Back in 2010-11 Australia “greened”, as record-breaking rains triggered a boom in plant growth that removed huge amounts of carbon dioxide from the atmosphere and stored it as carbon in the landscape.
But what happened after that? Our latest research, published in Scientific Reports, shows that this greening was short-lived and was rapidly dissipated through drought and fire.
Our study also shows that as extreme wet years are getting wetter and more common, Australia’s terrestrial ecosystems will play a larger role in the global carbon cycle.
Carbon, water and climate change
Each year, land plants absorb the equivalent of more than a quarter of the carbon emissions generated by burning fossil fuels and deforestation. This helps to partly offset global increases in atmospheric CO₂ concentration. In 2011, this “land carbon sink” was unusually large, thanks largely to the greening of Australia’s vegetation, which accounted for 60% of the global carbon uptake anomaly that year.
Satellite imaging and ground observations from CO₂ “flux” towers showed that much of the 2011 greening happened in savannas and grasslands, largely in central Australia. New data shows that the return of drought conditions in many of these areas has quickly un-greened them.
Be resilient, be prepared
To an extent this is no surprise. Australia’s dryland plant species live in the most variable climates in the world. As such these ecosystems can swing rapidly between being highly productive in wet years and becoming nearly dormant to withstand drought during dry ones.
Given that the 2010-11 extreme greening followed on rapidly from the protracted Millennium Drought, it should hardly be surprising that we find the ecosystem has now swung back the other way so promptly.
Drought and fire count
On a biological level, the reason that plants take up less carbon dioxide during dry periods is because this process costs water. Plants exchange gases with the atmosphere via tiny pores on their leaves called stomata, through which CO₂ diffuses in during the day but through which water also escapes.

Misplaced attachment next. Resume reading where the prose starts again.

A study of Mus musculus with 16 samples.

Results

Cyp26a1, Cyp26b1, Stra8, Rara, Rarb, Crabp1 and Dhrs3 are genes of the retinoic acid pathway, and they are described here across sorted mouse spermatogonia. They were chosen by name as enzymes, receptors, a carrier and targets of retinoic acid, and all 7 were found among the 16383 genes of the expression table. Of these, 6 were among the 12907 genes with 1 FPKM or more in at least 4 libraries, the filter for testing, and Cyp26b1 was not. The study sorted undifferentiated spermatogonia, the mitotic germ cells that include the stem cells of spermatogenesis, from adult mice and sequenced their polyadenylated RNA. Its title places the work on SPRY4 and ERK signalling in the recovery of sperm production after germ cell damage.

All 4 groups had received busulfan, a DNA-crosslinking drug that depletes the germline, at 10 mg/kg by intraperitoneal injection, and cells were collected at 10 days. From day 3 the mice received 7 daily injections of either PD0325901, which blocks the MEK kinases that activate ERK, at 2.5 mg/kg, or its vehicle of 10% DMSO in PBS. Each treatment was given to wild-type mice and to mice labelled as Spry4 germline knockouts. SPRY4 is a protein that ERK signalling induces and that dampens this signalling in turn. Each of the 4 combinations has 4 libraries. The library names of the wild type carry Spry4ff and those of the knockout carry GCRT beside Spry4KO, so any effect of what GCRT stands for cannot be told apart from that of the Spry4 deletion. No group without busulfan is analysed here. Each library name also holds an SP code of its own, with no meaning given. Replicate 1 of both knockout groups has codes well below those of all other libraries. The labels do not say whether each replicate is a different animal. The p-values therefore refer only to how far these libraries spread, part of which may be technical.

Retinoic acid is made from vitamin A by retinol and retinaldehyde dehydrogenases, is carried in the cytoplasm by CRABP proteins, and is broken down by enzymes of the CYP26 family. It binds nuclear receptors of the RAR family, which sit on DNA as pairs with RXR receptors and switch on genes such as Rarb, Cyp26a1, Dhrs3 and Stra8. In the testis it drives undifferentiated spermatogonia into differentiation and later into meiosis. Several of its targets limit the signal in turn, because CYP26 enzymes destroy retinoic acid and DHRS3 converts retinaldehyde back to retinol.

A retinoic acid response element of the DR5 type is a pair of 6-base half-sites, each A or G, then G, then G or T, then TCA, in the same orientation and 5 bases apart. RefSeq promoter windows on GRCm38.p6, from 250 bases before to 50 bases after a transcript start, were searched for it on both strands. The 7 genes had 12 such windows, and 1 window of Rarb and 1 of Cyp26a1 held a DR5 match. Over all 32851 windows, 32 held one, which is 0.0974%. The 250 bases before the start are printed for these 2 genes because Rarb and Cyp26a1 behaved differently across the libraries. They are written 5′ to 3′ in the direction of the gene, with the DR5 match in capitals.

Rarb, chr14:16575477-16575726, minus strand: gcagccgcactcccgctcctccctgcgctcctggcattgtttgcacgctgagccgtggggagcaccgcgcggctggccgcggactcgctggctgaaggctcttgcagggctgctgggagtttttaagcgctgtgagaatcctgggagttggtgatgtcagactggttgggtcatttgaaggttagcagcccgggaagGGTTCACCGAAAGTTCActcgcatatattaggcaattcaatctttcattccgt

When water is scarce it is more important to conserve it. This is why during drought conditions plants tend to reduce their carbon dioxide uptake by closing stomata or even shedding leaves entirely.
Sometimes the combination of heat and drought can be so stressful that plants die, ultimately decomposing or burning and releasing all of their stored carbon back to the atmosphere.
Our research shows that these processes began to take hold across Australia during the second half of 2012 and into 2013. As the chart below shows, this diminishes Australia’s large net carbon uptake as boosted by the 2010-11 wet year.
We also found that carbon dioxide emissions from fires increased during this period. This makes sense too, given that the productive wet period spurred more plant growth, which then became fuel for fire during the subsequent drought.
As a result, Australia’s semi-arid landscapes are mostly dry once again, although the speed with which they greened and then ungreened suggests that they will be quickly refreshed when the next big deluge arrives.
Australia’s giant green carbon sink was remarkable, but was it unique? There are two ways we can answer this question: we can wait and see if there’s another one, or we can go back and look at the historical record.
Fortunately, with long-term satellite observations, we have measurements of the entire continent back to 2000, and even earlier for some data sets. Our new research shows that the 2010–11 event was not unique. Rather, it was something that tends to happen whenever Australia has a strong wet phase, such as the one in 2000-01.
This means we can expect more large greening events to happen again in the future. One important question is whether these will be as strong as in 2010-11 – or perhaps even stronger?
Wilder, not milder
Interestingly, by looking at continent-wide rainfall records for each significant wet period dating back to 1900, we found that Australia’s wet episodes have become significantly wetter over the past century. Given this trend, we expect that in the near future Australia’s terrestrial ecosystems will come to play a larger role in the global carbon cycle. The intensification of these wet pulses is mostly seen in central and northwestern Australia.
A wilder future with more rain during wet years will have important implications, not only for carbon uptake by plants, but also for many other important issues such as flood risk management, water rights and increased bushfire danger once the landscape dries out again. We had better keep an eye on that.
Australian ecosystems are important locally and globally: they absorb carbon, produce food and contain huge species diversity. But these “ecosystem services” are vulnerable to climate change and the increasing frequency of extreme wet and dry events.
Knowing in detail how the landscape is likely to respond to these ever more erratic swings between wet and dry will be a crucial help in learning how we can best respond to drought and deluge in future.
So long, farewell, (for now) Australia’s “great green boom”.